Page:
Hiring Managers vs. HR for Contract Job Orders

A common questions we hear from recruiters who are new to contract staffing is “Where do I go for contract job orders?” Conventional wisdom has been to go to the  hiring manager rather than human resources (HR).

That's because the direct hire and contract hiring processes were often handled separately, so much so that HR may not have been aware of open contract positions within organizations.  Many recruiters still hold the belief that the hiring manager is the best source for contract job orders, but that may not be true in today's business environment.  

As companies move more toward blended workforce models that incorporate BOTH direct hires and contractors, HR is increasingly directing ALL hiring efforts.  Therefore, bypassing human resources could cause you to miss out on some great contract staffing opportunities.

At a recent industry convention, veteran contract staffing recruiter Linda Blakemore gave a presentation on contract staffing in which she urged recruiters to start with HR departments because they tend to have the best feel for hiring, both direct and contract, throughout an entire organization.

“Recruiters are often surprised when I tell them I work with HR. They ask me, ‘Don’t they get in the way,’” said Blakemore, who is the owner of the Atlantic Pacific Group.  “I say, ‘No, I need them.’ Even if HR is not your niche, don’t be afraid to talk to them. They often know what needs to be filled.”

Blakemore shared her reasons for starting with HR:

  1. Get on the approved vendor list.  HR often tells hiring managers NOT to give job orders to vendors. THR often is in charge of choosing vendors, so if you want to get on the approved vendor list, you need to start with HR.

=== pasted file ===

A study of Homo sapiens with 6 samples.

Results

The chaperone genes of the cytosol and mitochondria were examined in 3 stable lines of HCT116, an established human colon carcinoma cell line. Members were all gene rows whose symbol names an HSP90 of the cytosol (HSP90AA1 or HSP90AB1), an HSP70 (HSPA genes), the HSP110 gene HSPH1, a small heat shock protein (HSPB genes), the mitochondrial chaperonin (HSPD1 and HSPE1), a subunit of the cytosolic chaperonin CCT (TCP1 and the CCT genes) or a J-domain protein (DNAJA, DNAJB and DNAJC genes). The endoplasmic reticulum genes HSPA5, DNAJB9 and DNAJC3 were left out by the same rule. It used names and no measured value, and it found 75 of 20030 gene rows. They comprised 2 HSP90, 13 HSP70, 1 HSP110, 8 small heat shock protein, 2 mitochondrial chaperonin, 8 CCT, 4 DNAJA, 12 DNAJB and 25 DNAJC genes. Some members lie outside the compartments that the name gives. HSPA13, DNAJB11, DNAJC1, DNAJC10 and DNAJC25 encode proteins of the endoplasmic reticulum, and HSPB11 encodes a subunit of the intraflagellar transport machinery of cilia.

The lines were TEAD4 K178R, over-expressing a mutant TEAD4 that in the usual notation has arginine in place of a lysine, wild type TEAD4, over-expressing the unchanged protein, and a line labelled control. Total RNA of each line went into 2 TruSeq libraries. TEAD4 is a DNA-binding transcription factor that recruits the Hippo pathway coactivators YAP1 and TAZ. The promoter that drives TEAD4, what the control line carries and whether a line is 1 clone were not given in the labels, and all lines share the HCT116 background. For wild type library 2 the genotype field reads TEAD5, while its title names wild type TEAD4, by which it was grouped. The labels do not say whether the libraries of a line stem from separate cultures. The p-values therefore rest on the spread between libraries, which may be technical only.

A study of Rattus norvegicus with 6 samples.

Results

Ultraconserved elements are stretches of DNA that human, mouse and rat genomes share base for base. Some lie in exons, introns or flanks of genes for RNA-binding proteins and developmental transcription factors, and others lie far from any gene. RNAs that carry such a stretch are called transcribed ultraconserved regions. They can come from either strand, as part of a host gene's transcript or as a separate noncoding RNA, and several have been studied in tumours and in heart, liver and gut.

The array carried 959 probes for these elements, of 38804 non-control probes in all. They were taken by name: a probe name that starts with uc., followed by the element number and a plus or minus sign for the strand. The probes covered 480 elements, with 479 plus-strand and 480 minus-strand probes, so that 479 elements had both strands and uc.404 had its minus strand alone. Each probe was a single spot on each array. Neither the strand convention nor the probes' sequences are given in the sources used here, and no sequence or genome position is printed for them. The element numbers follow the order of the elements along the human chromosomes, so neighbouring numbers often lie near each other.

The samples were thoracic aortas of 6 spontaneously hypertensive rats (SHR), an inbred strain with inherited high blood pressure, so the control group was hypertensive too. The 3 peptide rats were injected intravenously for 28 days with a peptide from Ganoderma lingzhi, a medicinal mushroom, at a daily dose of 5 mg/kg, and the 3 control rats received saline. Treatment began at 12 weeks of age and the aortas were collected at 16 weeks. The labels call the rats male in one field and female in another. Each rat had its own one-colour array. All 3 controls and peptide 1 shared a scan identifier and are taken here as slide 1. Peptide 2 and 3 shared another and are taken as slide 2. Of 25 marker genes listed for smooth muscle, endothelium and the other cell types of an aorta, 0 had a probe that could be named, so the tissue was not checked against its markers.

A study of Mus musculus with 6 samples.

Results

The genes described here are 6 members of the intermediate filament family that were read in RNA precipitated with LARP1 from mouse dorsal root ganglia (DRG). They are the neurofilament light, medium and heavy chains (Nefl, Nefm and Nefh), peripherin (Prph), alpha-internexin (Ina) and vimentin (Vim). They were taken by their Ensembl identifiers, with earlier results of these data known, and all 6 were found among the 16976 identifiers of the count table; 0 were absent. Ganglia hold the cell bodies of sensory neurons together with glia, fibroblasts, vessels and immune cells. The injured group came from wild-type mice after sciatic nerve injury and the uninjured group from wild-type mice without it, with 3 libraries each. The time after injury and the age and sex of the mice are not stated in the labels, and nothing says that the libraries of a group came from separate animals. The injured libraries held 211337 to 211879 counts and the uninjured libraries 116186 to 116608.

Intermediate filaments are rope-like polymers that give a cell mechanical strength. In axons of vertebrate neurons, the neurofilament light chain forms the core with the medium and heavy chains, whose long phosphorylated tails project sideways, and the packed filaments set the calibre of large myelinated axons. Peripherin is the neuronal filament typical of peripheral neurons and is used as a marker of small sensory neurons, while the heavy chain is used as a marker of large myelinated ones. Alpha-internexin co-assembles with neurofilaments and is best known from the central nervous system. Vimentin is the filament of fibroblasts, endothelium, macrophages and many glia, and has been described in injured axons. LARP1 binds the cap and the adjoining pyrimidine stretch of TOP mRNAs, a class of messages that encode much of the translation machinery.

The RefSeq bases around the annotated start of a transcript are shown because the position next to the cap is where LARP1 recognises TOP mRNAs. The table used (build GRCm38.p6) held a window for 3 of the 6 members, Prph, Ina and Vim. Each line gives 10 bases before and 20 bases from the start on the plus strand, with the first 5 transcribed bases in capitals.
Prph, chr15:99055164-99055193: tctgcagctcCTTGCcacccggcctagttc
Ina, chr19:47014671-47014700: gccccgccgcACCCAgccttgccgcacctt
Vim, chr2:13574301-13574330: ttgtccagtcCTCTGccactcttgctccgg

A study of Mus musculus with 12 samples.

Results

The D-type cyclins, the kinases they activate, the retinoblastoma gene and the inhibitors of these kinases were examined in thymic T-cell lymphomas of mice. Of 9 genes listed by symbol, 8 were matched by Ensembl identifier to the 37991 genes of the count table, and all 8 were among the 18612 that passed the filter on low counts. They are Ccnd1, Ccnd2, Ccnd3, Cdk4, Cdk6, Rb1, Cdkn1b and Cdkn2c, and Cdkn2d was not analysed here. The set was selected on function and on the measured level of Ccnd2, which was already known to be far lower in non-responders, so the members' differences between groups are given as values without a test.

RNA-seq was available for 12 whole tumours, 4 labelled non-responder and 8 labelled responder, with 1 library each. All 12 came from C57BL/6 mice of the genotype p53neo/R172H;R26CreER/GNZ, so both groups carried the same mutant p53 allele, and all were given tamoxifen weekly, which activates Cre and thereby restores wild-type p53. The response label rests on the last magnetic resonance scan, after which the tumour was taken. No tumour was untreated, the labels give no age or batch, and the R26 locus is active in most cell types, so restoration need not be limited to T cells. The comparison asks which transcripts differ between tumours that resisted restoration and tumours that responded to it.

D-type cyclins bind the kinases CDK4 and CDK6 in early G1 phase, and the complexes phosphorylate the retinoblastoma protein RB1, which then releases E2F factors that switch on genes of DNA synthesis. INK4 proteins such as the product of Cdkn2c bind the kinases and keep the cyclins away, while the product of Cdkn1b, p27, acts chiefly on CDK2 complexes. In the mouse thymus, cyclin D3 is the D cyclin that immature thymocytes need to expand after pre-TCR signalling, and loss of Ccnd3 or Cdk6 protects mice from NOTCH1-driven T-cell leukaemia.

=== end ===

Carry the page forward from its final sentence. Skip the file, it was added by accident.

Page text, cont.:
2. They have the inside scoop. Because they are on the front line when it comes to employee issues, they can quietly give you a heads up when a future opening is likely, like when employees are on performance plans or someone is about to take a leave of absence.
  3. Get your foot in the door. By starting with HR, which is Blakemore's main niche, she often gets introduced to other areas of the organization, which leads to more job orders.
  4. You don't want to burn any bridges. “HR holds onto the contracting piece very, very tightly,” Blakemore said. “If you try to back-door it, you aren’t going to win any brownie points.”

The hiring manager may still be your go-to person in smaller companies. But when there is an HR department, you should try to keep them in the loop even if you already have an established relationship with a hiring manager or HR has given you the okay to work directly with the hiring managers. This approach has gained Blakemore the appreciation and respect of the HR department as well as additional, unexpected job orders.

“They appreciate the heads up on things so they don’t get blindsided,” Blakemore said.

Debbie Fledderjohann is the President of Top Echelon Contracting, Inc.